College of Natural Resources project will give bird's eye view of state's trail system

BLACKSBURG, Va., June 19, 2007 – Virginia is rich in bike and hiking trails, yet there is no seamless, statewide database that would ensure efficient planning and public access.

But this will change soon as a statewide project is set to create an Internet-based digital repository of existing and planned bicycle and pedestrian infrastructure, including bike lanes, hiking, and horseback riding trails.

The project is coordinated by two professors from the Department of Forestry in the College of Natural Resources and a researcher from Virginia Tech’s Center for Geospatial Information Technology. It is funded by the Department of Conservation and Recreation and the Virginia Department of Transportation (VDOT).

“Currently, information on bicycle and pedestrian facilities comes to us from many different sources and in many different formats, making statewide planning analysis extremely time consuming and difficult,” explains Kimberly Spence, statewide planning programs manager at VDOT.

Additionally, county and even city boundaries act as barriers against future planning and expansion. “Many times, the information about trails or bike routes that span several counties is cut off at the county boundaries,” says one of the project initiators, John McGee, assistant professor of forestry and geospatial extension specialist with Virginia Cooperative Extension. “This means that you cannot gain a regional perspective of the trail and bike route systems, which makes planning very difficult.”

McGee and his team will convert the available bike and pedestrian infrastructure information into a standard, seamless digital format. This innovative digital database will be provided to statewide decision makers and later to Virginians via a web-based Geographic Information System (GIS) application. GIS is a technology that links physical features on the earth to a database of their descriptions, locations, and characteristics.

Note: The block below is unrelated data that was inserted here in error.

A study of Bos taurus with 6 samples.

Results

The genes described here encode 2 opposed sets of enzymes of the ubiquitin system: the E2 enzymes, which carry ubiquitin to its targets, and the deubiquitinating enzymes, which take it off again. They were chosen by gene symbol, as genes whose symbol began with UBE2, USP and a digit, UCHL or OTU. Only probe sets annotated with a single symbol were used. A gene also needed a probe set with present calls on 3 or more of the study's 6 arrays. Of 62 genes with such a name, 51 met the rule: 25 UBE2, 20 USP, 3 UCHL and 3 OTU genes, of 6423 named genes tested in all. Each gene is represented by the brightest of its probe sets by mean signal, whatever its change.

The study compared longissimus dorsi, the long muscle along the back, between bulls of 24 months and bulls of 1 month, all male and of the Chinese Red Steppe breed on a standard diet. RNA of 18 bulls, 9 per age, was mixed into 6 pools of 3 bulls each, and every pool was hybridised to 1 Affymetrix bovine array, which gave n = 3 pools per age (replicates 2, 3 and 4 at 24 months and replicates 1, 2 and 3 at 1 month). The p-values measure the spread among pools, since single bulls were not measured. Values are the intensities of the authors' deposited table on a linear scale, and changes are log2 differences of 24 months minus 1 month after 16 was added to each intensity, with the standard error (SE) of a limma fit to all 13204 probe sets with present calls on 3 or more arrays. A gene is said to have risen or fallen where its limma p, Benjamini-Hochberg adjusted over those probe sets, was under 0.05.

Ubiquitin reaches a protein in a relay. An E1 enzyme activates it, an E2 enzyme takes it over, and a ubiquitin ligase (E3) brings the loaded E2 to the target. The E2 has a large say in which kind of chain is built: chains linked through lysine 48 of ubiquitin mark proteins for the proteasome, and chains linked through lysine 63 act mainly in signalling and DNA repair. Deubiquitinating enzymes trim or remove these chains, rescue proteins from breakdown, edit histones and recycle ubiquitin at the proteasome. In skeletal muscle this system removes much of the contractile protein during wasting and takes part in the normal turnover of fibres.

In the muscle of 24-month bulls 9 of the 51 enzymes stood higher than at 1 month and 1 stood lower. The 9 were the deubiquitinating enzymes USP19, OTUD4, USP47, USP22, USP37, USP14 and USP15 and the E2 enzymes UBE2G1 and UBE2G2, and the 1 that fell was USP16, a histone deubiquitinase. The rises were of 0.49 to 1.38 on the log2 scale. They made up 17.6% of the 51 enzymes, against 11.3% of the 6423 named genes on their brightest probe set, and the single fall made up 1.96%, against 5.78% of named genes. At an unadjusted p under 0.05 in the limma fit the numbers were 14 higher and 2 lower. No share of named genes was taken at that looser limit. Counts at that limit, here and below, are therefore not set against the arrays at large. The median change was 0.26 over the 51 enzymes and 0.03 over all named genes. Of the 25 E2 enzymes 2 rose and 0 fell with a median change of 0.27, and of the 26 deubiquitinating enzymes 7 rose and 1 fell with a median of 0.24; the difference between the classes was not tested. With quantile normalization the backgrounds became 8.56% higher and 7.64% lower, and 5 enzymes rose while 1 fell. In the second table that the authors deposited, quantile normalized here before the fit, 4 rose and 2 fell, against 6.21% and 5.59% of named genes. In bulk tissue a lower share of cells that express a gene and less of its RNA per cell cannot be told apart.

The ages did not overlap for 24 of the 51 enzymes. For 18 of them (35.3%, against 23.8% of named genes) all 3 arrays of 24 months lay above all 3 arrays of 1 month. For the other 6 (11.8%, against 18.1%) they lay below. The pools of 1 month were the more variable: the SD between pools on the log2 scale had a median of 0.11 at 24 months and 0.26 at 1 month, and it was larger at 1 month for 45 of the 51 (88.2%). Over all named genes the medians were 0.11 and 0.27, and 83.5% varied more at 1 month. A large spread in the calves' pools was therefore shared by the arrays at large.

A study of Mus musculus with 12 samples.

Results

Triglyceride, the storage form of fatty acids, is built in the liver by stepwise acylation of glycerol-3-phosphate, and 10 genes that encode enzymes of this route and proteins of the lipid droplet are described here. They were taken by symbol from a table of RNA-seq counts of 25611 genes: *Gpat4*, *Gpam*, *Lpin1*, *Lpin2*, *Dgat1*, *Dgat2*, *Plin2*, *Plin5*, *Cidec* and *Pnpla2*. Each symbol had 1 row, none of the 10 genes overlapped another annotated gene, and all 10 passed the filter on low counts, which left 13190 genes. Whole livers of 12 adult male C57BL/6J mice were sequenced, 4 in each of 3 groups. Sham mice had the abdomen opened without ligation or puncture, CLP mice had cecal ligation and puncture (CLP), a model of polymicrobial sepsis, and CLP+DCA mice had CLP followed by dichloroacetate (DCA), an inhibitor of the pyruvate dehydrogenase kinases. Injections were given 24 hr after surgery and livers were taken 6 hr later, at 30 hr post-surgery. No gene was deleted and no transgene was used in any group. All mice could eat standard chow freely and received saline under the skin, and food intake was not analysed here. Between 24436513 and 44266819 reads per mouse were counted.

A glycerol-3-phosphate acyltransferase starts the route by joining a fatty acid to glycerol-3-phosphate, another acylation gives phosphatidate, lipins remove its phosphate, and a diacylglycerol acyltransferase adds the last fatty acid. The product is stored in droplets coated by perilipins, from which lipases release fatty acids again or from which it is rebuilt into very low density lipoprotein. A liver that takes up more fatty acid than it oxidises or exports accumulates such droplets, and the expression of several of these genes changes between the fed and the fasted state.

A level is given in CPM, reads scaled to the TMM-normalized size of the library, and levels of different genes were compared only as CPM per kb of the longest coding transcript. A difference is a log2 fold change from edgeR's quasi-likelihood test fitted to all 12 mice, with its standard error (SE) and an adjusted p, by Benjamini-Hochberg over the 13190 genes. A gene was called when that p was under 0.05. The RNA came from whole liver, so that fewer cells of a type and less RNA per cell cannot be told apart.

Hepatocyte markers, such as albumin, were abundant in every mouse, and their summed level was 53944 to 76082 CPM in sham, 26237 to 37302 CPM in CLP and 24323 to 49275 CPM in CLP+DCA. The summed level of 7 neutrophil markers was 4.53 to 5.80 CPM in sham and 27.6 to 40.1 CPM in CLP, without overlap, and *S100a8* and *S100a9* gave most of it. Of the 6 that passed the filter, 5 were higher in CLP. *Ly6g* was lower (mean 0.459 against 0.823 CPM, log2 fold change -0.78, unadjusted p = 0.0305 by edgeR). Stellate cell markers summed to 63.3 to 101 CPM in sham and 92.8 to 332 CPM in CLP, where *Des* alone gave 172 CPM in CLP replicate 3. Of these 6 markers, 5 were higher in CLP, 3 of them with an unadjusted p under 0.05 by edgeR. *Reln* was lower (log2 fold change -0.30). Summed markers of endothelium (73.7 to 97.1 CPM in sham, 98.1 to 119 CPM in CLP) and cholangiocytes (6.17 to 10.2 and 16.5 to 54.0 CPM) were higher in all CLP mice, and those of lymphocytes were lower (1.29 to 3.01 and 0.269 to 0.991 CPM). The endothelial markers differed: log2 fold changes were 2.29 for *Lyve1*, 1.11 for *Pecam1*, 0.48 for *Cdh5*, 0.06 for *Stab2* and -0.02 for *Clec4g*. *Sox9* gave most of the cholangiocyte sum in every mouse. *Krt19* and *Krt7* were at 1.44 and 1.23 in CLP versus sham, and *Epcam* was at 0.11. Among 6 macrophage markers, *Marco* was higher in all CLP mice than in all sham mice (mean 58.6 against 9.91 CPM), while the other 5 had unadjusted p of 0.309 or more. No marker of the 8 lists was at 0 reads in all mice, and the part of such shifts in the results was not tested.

“The initial application will allow decision makers to zoom into a specific area, add aerial photography and potentially other map data as a “backdrop,” or quickly obtain information such length or width for a specific segment of the bike or pedestrian infrastructure,” explains McGee.

In the future, and as funding allows, the web-based GIS application can be extended and adapted to public use, so anyone will be able to go online, find the desired bike, hiking or horseback riding trail, and then print a detailed map. “This is where you can really begin to dream, as we could potentially enhance the public web application to include nearby facilities such as campgrounds, pet friendly areas, restaurants, lodging, and other businesses,” says McGee.

The project is in line with the College of Natural Resources’ sustained engagement toward establishing a “green” dialogue between various state departments regarding the best environmental practices for the Commonwealth, and Virginia Cooperative Extension’s efforts to foster and provide planning and management tools for citizens.